TUC general secretary Brendan Barber wasted no time after Congress delegates voted to explore the practicalities of organising a general strike to call the media together to pour cold water on the idea.
His responsibility should have been to work with unions in pursuit of what is now Congress policy, not to undermine it.
Congress House is still mesmerised by the defeat of the 1926 general strike and seems to have forgotten the success in 1974 when the general council's announcement of action caused the Tory government to capitulate, releasing the Pentonville Five dockers from jail for contravening its anti-union laws.
We are not in that position now any more than we are living through 1926, but there is no reason to become paranoid over this tactic to crystallise working-class anger.
Not only do general strikes take place on a regular basis in other European Union states but Britain's capitalist class has been on an undeclared investment strike for years.
That is part of the problem that confronts workers in Britain.
Business is only interested in projects where its profits are state-guaranteed, as in the systematic private-sector penetration of the public sector.
While German, Japanese and, increasingly, Chinese companies are prepared to invest for the long term, Britain's so-called captains of industry look no further than short-term profits and parasitism, especially in the finance sector.
The fruits of this approach are the shrinkage of Britain's productive sector and a wide-ranging assault on our public services where private profits are provided through cuts in the share given over to salaries, pensions and benefits.
Government finance that was curiously unavailable for public investment in manufacturing or public services was suddenly limitless - £1.3 trillion at the latest count - to prop up private banks, the womb that delivers so many Tory MPs.
The price of this extravagance is paid by public-service workers, their families and the wider population.
All workers are feeling the pinch and yet only 20 per cent of the conservative coalition cuts agenda has been implemented.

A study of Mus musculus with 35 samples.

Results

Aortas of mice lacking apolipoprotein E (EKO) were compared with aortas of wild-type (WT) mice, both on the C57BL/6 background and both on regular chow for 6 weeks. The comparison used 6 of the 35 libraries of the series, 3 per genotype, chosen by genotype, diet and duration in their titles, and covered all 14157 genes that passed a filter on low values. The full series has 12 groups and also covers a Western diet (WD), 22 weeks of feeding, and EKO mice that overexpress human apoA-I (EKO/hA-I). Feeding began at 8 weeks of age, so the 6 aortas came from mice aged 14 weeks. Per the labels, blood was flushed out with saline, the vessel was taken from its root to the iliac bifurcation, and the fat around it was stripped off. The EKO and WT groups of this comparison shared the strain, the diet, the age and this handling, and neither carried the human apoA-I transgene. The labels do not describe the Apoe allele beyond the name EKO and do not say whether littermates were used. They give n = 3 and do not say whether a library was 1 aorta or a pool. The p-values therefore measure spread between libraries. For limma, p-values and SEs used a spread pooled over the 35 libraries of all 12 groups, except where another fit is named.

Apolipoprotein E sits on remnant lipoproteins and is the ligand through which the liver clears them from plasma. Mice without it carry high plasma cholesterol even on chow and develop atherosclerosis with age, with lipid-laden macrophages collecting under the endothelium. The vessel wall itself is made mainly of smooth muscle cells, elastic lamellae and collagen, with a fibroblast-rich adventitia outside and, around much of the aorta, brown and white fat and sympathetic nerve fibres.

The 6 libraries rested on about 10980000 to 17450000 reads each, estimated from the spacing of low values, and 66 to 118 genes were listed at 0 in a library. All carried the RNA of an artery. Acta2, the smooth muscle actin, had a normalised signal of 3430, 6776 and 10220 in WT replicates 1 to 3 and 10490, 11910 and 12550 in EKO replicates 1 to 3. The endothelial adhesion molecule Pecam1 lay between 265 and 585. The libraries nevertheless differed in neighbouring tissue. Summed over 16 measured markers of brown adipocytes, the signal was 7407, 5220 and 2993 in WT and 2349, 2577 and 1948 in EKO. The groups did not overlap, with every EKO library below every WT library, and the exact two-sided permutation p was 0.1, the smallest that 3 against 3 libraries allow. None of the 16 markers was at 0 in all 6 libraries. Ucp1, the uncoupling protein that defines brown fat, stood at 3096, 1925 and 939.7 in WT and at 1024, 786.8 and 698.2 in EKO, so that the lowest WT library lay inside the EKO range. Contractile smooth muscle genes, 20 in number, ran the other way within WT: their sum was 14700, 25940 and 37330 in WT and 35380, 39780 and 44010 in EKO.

How many more vital services have to be savaged, how many more young people dumped on the scrap heap, how much further into debt do wage-frozen workers have to slide before the trade union movement unites in decisive, co-ordinated strike action?
The faint-hearted bleat about the effect on the public and the possibility of alienating possible allies.
Six million trade unionists and their families constitute a substantial part of the public. They see their living standards falling and want action to stop it happening.
Ed Balls's performance at TUC annual conference on Tuesday should leave no-one in any doubt that waiting for Labour's return at the next general election is no panacea.
Labour remains committed to the essence of the bankers' austerity agenda of cuts and a pay freeze despite "too fast, too deep" rhetoric.
Trade unionists don't need a more drawn-out version of the Con-Dem death by a thousand cuts. The same applies to pensioners, benefit claimants and those who rely on public services.
Initiatives such as the October 20 A Future that Works marches and rallies organised by the TUC are a positive development, but the next step has to be co-ordinated mass industrial action.
Protests against the austerity agenda must be the prelude to forcing its complete abandonment by whatever party is in government.
If you appreciated this article then please consider donating to the Morning Star's Fighting Fund to ensure we can keep developing your paper.